Red China has vowed to take back the Republic of China, or Taiwan. In the May 2004 issue of the Boom, Doom, and Gloom Report, Dr. Marc Faber (website-boomdoomgloom.com) points to a report by Wendell Minnick, the Taiwan correspondent for Jane’s Defense Weekly. Mr. Minnick, in “The Year to Fear for Taiwan: 2006”, wrote that a mainland invasion is unlikely to be a large-scale operation. Instead, it is more probable to take the following course. Special forces will land days prior to the attack. Assets that are already in place will assist in assassinations of officials and sabotage. The combination of air and missile strikes, rapid deployment forces, and airborne drops would capture key communication centers. The second phase would be the securing of an airport that would be used to ferry in additional elements that would spread out and complete the takeover. Sympathetic Taiwanese would assist the Chinese forces. This decapitation strategy would destroy command and control, likely leading to the loss of Taiwan in as little as 7 days. Taiwan is of strategic importance because the Taiwan Straits there control the flow of oil tankers to South Korea and to Japan. In addition, this is a base for the USA to watch China. The USA would have little time to respond, and if they did so, China could tie up US forces with small attacks on US forces in Japan, or even Hawaii and Alaska. I doubt that the USA would go to war in such an event.
As one man once said, don’t tell me what is going to happen, tell me when. This is the province of astrology. By studying the 4 crisis periods during which Beijing threatened the island nation, we can glean some insight as to the future timing of such an action. The crisis periods were:
1- August 11, 1954 to May 1, 1955: Zhou En-Lai declared that Taiwan must be liberated. On 17 August 1954 the US warned China against action against Taiwan, but on September 3, 1954, the Communists began to bombard Quemoy. In November, Chinese planes bombed the Tachen Islands. On September 12, 1954, the US Joint Chiefs of Staff recommended the possibility of using nuclear weapons against China. On November 23, 1954, China sentenced 13 US airmen shot down over China in the Korean War to jail terms. President Eisenhower refused to bomb mainland China or use American troops to resolve the crisis. The United States signed the Mutual Defense Treaty with the Nationalist government on Taiwan on December 2, 1954. The shelling ended on May 1, and the US airmen were released.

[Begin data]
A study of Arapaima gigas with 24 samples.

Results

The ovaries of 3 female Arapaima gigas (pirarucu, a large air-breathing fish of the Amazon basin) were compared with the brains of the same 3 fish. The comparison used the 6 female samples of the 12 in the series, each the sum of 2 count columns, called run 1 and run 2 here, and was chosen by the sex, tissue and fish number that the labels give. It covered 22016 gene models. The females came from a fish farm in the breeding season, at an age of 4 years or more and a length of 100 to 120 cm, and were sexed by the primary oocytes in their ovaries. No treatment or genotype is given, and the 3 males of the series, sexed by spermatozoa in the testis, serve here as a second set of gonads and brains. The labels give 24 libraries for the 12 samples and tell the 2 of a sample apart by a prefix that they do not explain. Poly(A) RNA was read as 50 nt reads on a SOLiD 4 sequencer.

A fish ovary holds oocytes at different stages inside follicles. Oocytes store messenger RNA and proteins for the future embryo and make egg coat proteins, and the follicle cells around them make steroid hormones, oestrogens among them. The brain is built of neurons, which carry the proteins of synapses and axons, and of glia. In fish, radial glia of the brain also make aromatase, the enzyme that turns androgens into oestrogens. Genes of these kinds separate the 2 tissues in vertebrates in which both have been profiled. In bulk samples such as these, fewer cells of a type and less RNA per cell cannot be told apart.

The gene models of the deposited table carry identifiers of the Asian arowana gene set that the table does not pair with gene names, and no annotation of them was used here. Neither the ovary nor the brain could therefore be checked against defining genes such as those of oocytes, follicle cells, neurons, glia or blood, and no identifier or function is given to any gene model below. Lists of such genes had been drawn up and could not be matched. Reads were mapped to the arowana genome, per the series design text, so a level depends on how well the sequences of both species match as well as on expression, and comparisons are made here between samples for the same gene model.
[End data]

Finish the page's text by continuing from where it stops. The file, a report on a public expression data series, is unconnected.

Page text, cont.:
2- August 23, 1958 to January 1, 1959: From 23 August through October of 1958, the Communists resumed an artillery bombardment of Quemoy and Matsu, threatening invasion. Chinese patrol boats blockaded the two islands against Nationalist re-supply efforts. This was accompanied by an aggressive propaganda assault on the United States, threats against American naval ships, and a declaration of intent to “liberate” Taiwan.
3- July 1, 1995 to March 23, 1996: On October 27, 1994, the aircraft carrier USS Kitty Hawk was involved in a three-day running encounter with a Chinese nuclear attack submarine in the Yellow Sea. On June 9-10, 1995, Taiwan President Lee Teng-hui concluded a private trip to a Cornell University reunion. His repeated use of the terminology “Republic of China on Taiwan” was taken by Beijing as a challenge to the “One China” formulation. In response, the PRC conducted tests of missiles from July 21 to 26 in an area near Taiwan’s Pengchiayu Island. A series of missile tests and military maneuvers followed. One missile landed only 23 miles from a Taiwanese port. The crisis ended when Beijing said that they would not invade Taiwan but were still committed to one China.
The military exercises were meant to intimidate the people of Taiwan in the run-up to the presidential election. On March 23, 1996, the people of the Republic of China on Taiwan defied Beijing by electing Lee Teng-Hui as their first directly elected President.
4- 1999: The 1999 Taiwan Confrontation began on July 9, 1999, when Lee Teng-Hui, President Republic of China responded to questions by saying “The Republic of China has been a sovereign state since it was founded in 1912. Moreover, in 1991, amendments to the Constitution designated cross-strait relations as a special state-to-state relationship. Consequently, there is no need to declare independence. The resolution of cross-strait issues hinges on the issue of different systems. We cannot look at issues related to the two sides simply from the perspective of unification or independence. The Chinese mainland’s promise of a “one country, two systems” formula for Hong Kong and Macau is irrelevant to Taiwan … the ROC is a sovereign, independent state.”
The crisis ended in May 2000, when Taiwan’s new president, Chen Shui-Bian, said he will not declare independence nor do anything else that China might consider provocative as long as Beijing does not use force against the island.
The crises were marked by solar eclipses in cardinal signs and strong Pluto influences. In 2009, the eclipses will return to the Cancer-Capricorn axis, and Pluto will cross into Capricorn. In 2011, an eclipse opposes the ROC Sun, and Pluto begins to move over the Sun in 2012. Regarding the PRC, Pluto begins to oppose Uranus, and the eclipse opposition to Pluto squares the communist Sun in the next year. In the following years, Pluto will oppose the USA Sun. The eclipse of January 2011 opposes the USA Sun, likely drawing America into the conflict.